Assyrtiko: A Comet beyond Santorini

By Panos Kakaviatos for

9 October 2018

In recent articles about Assyrtiko in Greece, in Wine Review Online and in Decanter, I focused on Santorini, the grape’s main island claim to fame. But, as Yiannis Karakasis MW reminded me over a marvelous lunch earlier this month just outside Athens, do not limit yourself to the volcanic island.

We found ourselves dining in a where-time-stops seaside town called Voula. Yiannis Papadakis, sales consultant for the Oenocosmos (that’s Greek for “wine people”), joined us. I met Papadakis for the first time over this lunch, although we have been Facebook friends, where we differed on who is the best rock drummer ever. For me, it is John Bonham and for Yiannis it is Keith Moon. Both were great to be sure.

Great food and wine match, and notice that fresh taramosalata

Many thanks to Karakasis for treating us to lunch: Yet more proof of Filoxenia from Greece and Greeks. I owe you one, mate. He brought two wines, to boot, starting with the very tasty Tio Pepe Una Palma Fino. The Fino Sherry was selected from just three casks of six-year-old Tio Pepe, with a flor yeast veil, displaying golden hues. Bottled sans filtration or fining, this Sherry evinced an elegant nose and distinctly saline notes. Its 15.5 % alcohol was barely noticeable; it was refined in expression.

Gorgeous fish carpaccio

And it went very well with fresh sardines and taramosalata, the famous Greek meze made from tarama, salted and cured roe of cod, which was it should be: none of that fake, pink color. We also enjoyed an absolutely gorgeous looking and equally delicious carpaccio of milokopi fish (photo, above) and a sea bass ceviche (below).

Sea bass ceviche

From A to Z, lunch at Loutsos Fish Restaurant was delicious. It is no surprise that Trip Advisor calls it a “must in Voula”… As Voula straddles the sea, lunch was fish, fish and more fish.

But let us get back to the overriding point to the mid day pleasure: Assyrtiko thrives on other Greek islands and in other parts of Greece. Not to mention in other parts of the world.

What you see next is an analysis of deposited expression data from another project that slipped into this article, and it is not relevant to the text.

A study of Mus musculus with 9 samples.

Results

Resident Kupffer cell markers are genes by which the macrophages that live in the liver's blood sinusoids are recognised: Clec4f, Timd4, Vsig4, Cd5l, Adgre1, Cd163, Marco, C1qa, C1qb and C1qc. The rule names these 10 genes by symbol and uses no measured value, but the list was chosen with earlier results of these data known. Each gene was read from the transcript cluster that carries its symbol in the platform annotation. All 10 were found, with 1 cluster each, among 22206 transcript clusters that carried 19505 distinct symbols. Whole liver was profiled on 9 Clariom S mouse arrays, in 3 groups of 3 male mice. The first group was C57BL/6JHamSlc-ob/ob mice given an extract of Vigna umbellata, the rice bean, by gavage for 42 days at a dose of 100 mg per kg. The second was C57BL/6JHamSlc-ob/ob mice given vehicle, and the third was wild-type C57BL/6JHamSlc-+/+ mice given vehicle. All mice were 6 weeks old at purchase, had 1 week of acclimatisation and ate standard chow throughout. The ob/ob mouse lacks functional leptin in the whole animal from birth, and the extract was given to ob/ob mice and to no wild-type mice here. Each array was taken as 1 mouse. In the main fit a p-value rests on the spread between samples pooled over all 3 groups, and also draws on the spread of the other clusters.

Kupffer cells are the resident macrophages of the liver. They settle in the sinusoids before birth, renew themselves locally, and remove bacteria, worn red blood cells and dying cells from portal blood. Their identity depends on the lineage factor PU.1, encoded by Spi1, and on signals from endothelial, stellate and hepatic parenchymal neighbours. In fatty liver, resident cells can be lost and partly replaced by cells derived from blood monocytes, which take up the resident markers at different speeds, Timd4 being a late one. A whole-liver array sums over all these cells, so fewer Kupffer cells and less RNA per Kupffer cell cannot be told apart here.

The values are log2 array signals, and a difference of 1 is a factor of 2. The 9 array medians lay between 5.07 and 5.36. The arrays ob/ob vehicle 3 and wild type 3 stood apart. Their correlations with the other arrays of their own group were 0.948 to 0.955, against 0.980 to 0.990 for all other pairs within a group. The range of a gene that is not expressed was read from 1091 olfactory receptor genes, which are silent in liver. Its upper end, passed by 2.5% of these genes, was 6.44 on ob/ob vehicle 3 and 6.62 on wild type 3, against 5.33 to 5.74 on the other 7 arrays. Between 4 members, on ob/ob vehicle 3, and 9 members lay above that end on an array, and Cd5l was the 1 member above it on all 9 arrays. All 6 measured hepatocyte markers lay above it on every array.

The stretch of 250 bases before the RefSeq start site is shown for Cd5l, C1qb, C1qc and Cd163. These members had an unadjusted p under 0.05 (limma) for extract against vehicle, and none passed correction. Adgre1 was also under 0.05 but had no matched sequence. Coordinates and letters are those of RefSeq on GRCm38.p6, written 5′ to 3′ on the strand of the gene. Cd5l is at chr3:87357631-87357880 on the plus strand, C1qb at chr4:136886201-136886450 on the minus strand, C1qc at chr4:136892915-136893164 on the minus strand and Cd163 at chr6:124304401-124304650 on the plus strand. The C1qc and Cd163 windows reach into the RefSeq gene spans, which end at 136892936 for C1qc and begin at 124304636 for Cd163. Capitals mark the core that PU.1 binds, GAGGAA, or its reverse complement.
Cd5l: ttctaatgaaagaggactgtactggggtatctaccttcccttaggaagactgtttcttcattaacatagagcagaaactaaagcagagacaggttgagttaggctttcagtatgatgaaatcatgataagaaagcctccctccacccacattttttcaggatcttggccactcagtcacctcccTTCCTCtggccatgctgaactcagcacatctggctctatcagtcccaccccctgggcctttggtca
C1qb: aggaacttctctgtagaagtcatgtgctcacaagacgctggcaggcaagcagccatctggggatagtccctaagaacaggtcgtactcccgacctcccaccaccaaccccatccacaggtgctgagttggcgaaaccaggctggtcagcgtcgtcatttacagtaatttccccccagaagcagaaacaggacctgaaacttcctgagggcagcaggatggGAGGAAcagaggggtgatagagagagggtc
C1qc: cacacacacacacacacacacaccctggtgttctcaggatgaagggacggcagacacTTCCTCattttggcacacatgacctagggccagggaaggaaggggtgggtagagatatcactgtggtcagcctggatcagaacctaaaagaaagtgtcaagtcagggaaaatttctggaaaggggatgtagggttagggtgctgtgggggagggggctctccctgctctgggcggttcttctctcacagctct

“Just pick it up with your fingers”, says Yiannis Karakasis MW. Absolutely! This was so tender and aromatic. Wow!

So the star of lunch, aside from the amazingly tender whole golden grouper, so savory and tender, and cooked just right (pictured above), was a mystery wine that seemed to have some slight oak overtones and even a hint of resin like aspects that perhaps I imagined.

We could see on the label “Alto Adige”, by respected producer Clemens Lageder of Alois Lageder. The Alois Lageder winery there comprises 50 hectares of the family’s own vineyards, managed on biodynamic principles. A holistic approach to winemaking is reflected in wine-growing activities, long-standing relationships with grape growers and an ambition to “create awareness” for agriculture that is in tune with nature. So the wine star turned out to be a Comet.

Lageder has been producing “Comet wines” in recent years: “Unique wines of innovation”, so indicated on the website, where every single label of each bottle includes a hand painted tail of a comet.

Our comet was called TIK XV, a limited edition Vigneti Delle Dolomiti Biancofrom the 2015 vintage: only 600 bottles produced. The vines for this wine are planted on slopes, at 300 meters in altitude, on gravelly and sandy soils, also rich in limestone.

The delivery was smooth, with a slightly higher feeling than indicated 12.5% alcohol. I liked so much its svelte saltiness; the touches of oak derived vanilla complemented the wine rather than perturbed it. Not much residual sugar at 0.4 g/l and acidity at 5.3 g/l and the must was partially fermented on the skins and stems for three weeks (lending some color) and then aged in used barrels (we were wondering if any new oak was used) for around 18 months.


Yes, this Comet was none other than Assyrtiko from Alto Adige – and a darn good white. I kept sipping and drinking it, as it went so well with the vividly flavored seafaring freshness of the fish.

Wine legislation forbids reference of the variety on the label, however, which explains the enigmatic name “TIK”, lifting three letters from the famous Greek grape.

Karakasis wrote about this already last year on his excellent blog: and also is just releasing a series of short videos on Assyrtiko, which I highly recommend. The first installment is embedded in this page.

Of course we could have tried other Assyrtikos from Greece, as I had enjoyed a couple of years ago at a master class organized by Stefano Kogias with a super panel including Yiannis. I fondly recall adoring an Assyrtiko from Tinos.

Indeed Yiannis told me how much less expensive vineyard land is on that Cycladic island – many times less than on Santorini. Only six wineries exist on Tinos, today, but the future is no doubt bright for further wine development for this superb white grape. Of course other islands are growing it, too.

So, thanks Yiannis for this great lunch and introduction to Alto Adige Assyrtiko. I need to dig deeper and discover more about this white. And I urge all readers to subscribe to Yiannis’ website and YouTube channel. Yiannis is a prolific writer and provides insightful and excellent texts for anyone serious about furthering his or her knowledge about wine. His photos are top notch and so are his videos.